Because they don’t give out 4-month chips in AA…


4monthchip…I made one.

And I dedicate it to my friend, A., who celebrates four months in the program today.

A. and I used to work together, and we ran into each other at a speaker meeting last night. I had wondered how long it would take for me to encounter someone from my crazy, dysfunctional work world. I’m truly surprised it took this long.

We shared a bit of our stories, and agreed to get together in the future for a meeting and then coffee/lunch/dinner.

I’m really thankful for our fortuitous meeting, and I’m very proud of and happy for A.

Congratulations. Enjoy your hangover-free Saturday, and your chip — best served with some local salsa and a virgin margarita.



9 Responses to “Because they don’t give out 4-month chips in AA…”

  1. You are incredibly creative. I love it šŸ™‚

  2. 2 Chaz

    I have a love-hate relationship with chips.

    I love seeing a newcomer take a hard-won chip and I love the fact that I took them for a year.

    I would hate to ever have to take another one.

    I think they are a good visual indicator and reinforcer of our progress. In our AA community, there is a women’s recovery house who attend a lot of the meetings… and I swear to you, the ladies must prep for hours on nights when they are taking chips… their stiletto’d “chip strut” to take their chip at the busier meetings (btw…. the busiest meeting in town is typically 60 – 100 people and the number of chips given at that meeting are disproportionaltely high).

    It is almost embarassing sometimes but also a painful reminder of how we stop maturing during our active alcoholism. Many 30-somethings and 40-something women act like giddy teens walking past the boys soccer team when they take their chip.

    But none the less…. I am glad they are taking chips. It is so much better than the alternative and it is where the majority of us start.

    OK…. when the length of the reply exceeds the length of the post, it is time to quit.



  3. Oh that is truly awesome. I love that chip, I love em all!

  4. 4 Ashley R A

    C: I feel so blessed. You brought me a tear or two. What a blessing we get to experience ever corner we turn. Can’t wait to share some of it with you. THANK YOU for my chip. I was hungry!

  5. I love this chip!!! What a loving and creative 4 month chip…and how amazing to run into someone else you know…take care!

  6. 6 C

    Thanks, all, for your comments.

    Chaz, I hear ya about the chips. I love that phrase — the “chip strut” — I can just envision the ladies you describe.

    I was initially inclined to think the whole chip thing was kinda silly, like all those damn AA sayings that I considered corny at first. But I can understand how both came about, and I appreciate the purpose they serve.

    I will admit that at my 4-month mark, I felt a bit of a letdown when I didn’t get a chip to commemorate the occasion. And now I’m gonna have to wait 5 1/2 more months till my next one! Holy Cow!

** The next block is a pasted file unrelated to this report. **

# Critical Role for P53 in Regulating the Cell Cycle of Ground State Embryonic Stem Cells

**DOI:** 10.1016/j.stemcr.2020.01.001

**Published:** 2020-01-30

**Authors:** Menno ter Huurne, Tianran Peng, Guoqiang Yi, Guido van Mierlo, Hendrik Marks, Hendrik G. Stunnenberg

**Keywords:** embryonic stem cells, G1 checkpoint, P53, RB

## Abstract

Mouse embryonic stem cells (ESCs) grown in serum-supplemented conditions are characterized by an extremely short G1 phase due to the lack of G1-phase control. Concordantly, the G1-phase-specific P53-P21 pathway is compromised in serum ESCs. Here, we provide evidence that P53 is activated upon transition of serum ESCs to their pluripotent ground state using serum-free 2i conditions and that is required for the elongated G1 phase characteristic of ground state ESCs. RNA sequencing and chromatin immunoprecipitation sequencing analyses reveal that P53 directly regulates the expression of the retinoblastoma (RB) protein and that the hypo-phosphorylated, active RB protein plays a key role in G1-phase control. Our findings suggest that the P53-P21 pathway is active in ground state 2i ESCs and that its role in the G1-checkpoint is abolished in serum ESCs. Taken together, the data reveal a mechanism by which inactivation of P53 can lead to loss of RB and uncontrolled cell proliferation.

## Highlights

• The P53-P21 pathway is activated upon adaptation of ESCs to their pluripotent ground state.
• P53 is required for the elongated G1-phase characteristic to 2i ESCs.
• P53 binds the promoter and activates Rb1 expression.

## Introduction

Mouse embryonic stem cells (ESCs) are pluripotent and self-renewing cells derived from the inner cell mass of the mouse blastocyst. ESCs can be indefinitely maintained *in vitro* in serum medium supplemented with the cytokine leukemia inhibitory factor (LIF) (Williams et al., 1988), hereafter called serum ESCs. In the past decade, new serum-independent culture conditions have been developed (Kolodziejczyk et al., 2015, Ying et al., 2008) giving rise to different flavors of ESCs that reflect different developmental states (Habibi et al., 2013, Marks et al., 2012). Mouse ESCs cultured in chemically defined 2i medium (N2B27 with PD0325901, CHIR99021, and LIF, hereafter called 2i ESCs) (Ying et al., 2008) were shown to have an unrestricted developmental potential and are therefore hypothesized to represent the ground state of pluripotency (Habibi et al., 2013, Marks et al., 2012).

7. 7 Sarah

    So nice to meet you!! Kristen gave me a link to your blog. I like the way you write. And I, too, have a child that was born with a scary, unpredictable disease. He was born with Shone’s syndrome, a deformity of his heart.

    Stop by. I’ll definitely stay tuned!

  8. 8 Chaz

    Oh ya, the “Chip Strut” is a local legend.

    It requires tightest jeans, spikiest heels, push-upiest bra, and lowest cut top available.

    I say this only half in jest. I do not mean to mock either. It is simply an observation that a particular grouping of women in our community new to AA whose background has conditioned them to gain attention this way, (and enjoy it as any of us would), take the opportunity of receiving their chip to get some attention using what they have.

    Maybe why it stands out to me is that in the early days, I enjoyd the attention I received in being a newcomer who was a seasoned public speaker. I have trained in public speaking for many years and was part of what I did for a living. So I got a lot of affirmation on how I communicated meaningfully. I got to enjoy it. So was I any different?

    I was playing my “self” card the same as they were.

    As I matured in the program, I actually look for ways to keep attention off myself. I keep my sharing short and as relevant as possible. I never ask to share and never, if the floor is opened, volounteer to speak.

    I will only share if asked to. I instead focus on my listening skills. So that I can gain from the experience of others in an effective way, and then pass along the valuable turths I receive.

    This is a little off track of the original post but I suppose it is a good point. Is it not essential to have the working of recovery flowing through us? Rather than just being around it for some outside purpose like attention?

    By having a message of recovery flowing through us, we need to be good at hearing, applying, and then sharing in that order?

    We must be cautious not to allow outside motives like attention-seeking to take away from our recovery experience. If we do, we will get watered-down recovery.

    But hey…. if the chip strut is what we are capable of in the first few months, at least we are getting our chips….hopefully meaningfully…. and this is better than being “out there”.



  9. 9 Sharon

    Thanks Chaz for your comments… I enjoyed them šŸ™‚

    The 4 month chip is creatively brilliant!!!